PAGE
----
U.S. Secretary of Education Arne Duncan on May 5 announced the selection of Parker School senior Lysha Matsunobu as a 2014 U.S. Presidential Scholar.
Matsunobu is one of 141 outstanding American high school seniors that have demonstrated outstanding academic achievement, artistic excellence, leadership, citizenship, service, and contribution to school and community. The U.S. Presidential Scholars will be honored for their accomplishments in Washington D.C., from June 22-25.
The White House Commission on Presidential Scholars, appointed by President Obama, selects honored scholars annually based on their academic success, artistic excellence, essays, school evaluations and transcripts, as well as evidence of community service, leadership, and demonstrated commitment to high ideals.
Of the three million students expected to graduate from high school this year, more than 3,900 candidates qualified for the 2014 awards determined by outstanding performance on the College Board SAT and ACT exams, and through nominations made by Chief State School Officers or the National YoungArts Foundation’s nationwide YoungArts™ competition.
The 2014 U.S. Presidential Scholars are comprised of one young man and one young woman from each state, the District of Columbia and Puerto Rico, and from U.S. families living abroad, as well as 15 chosen at-large and 20 U.S. Presidential Scholars in the Arts.
Created in 1964, the U.S. Presidential Scholars Program has honored more than 6,500 of the nation’s top-performing students with the prestigious award given to honorees during the annual ceremony in D.C. The program was expanded in 1979 to recognize students who demonstrate exceptional talent in the visual, literary and performing arts.
Since 1983, each Presidential Scholar has been offered the opportunity to name his or her most influential teacher. Each distinguished teacher is honored with a personal letter from the Secretary of Education. Matsunobu chose Parker English and history teacher Ruth Sturges for recognition.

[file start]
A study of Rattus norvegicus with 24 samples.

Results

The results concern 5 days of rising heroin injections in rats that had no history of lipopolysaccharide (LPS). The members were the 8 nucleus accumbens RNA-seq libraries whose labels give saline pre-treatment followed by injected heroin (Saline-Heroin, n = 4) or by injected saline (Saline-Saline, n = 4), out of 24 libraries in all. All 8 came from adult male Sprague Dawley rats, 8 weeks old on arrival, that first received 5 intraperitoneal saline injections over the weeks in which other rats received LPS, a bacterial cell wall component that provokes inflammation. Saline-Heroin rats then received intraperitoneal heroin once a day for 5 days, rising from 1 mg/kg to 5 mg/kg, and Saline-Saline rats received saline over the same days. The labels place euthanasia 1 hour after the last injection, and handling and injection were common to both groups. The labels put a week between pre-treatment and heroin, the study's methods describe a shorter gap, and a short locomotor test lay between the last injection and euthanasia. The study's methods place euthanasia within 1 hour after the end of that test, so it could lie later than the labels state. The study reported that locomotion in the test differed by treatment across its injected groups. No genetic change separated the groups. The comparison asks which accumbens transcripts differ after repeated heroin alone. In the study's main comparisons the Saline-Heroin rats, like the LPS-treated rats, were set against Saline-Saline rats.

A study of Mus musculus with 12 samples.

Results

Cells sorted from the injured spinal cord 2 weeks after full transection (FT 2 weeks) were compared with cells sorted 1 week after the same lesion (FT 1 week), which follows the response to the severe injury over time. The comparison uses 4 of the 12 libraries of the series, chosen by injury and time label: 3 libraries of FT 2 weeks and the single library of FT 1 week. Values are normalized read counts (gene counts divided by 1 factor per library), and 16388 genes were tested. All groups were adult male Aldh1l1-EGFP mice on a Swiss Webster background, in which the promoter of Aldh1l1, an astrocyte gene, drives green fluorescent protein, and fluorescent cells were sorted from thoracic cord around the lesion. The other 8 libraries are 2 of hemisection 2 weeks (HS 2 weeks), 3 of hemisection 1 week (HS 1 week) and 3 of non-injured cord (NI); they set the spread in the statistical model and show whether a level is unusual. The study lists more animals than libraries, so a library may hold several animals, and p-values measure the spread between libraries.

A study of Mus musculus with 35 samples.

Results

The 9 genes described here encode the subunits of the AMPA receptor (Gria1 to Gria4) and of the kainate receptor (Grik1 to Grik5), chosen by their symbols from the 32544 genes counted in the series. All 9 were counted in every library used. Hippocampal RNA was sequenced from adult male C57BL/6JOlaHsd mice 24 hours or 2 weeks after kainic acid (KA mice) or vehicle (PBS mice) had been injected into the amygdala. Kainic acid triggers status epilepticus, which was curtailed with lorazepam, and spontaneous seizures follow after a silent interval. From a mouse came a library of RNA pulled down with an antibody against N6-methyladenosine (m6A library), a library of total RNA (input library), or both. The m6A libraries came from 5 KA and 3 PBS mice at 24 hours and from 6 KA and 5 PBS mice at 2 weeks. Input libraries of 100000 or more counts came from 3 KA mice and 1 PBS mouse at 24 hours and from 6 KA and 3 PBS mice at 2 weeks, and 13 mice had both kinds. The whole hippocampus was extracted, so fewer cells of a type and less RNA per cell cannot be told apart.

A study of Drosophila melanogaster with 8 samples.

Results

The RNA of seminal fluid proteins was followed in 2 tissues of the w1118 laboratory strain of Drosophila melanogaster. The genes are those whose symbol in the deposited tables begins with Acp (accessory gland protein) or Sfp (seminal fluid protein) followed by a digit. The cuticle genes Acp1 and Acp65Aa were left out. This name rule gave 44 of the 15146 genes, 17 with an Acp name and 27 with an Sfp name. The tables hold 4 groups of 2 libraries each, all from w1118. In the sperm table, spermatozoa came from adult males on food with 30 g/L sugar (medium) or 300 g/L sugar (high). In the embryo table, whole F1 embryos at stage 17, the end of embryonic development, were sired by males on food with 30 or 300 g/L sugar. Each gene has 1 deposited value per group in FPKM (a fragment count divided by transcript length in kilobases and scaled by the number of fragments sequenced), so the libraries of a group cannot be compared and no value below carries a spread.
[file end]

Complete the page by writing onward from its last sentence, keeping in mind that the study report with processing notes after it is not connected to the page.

Matsunobu, the daughter of Miriam and Neal Matsunobu of Kona, has also recently advanced as a National Merit finalist. As a student at Parker, she has been a Richard Smart Scholar, has earned the Yale Book Award, is an AP Scholar with Distinction, and has earned the National Forensics League Degree of Distinction for her accomplishments on the debate team. She is a member of the Parker School Investment Club, is National Honor Society President and Lincoln-Douglas Debate Captain.
Matsunobu has also recently appeared in the news for her science accomplishments—she attended the Summer Science Program in Santa Barbara last summer. SSP is “one of the oldest and most successful summer enrichment programs for academically gifted high school students” and Matsunobu was one of only 72 out of 742 national and international applicants accepted to attend. She was also a presenter at the Galaxy Forum in Waimea in November.
In 2010, Parker student Mary Kamitaki was selected as a U.S Presidential Scholar Program semifinalist and last year, Parker student Paul Gregg was named one of the two 2013 U.S. Presidential Scholars from Hawaii.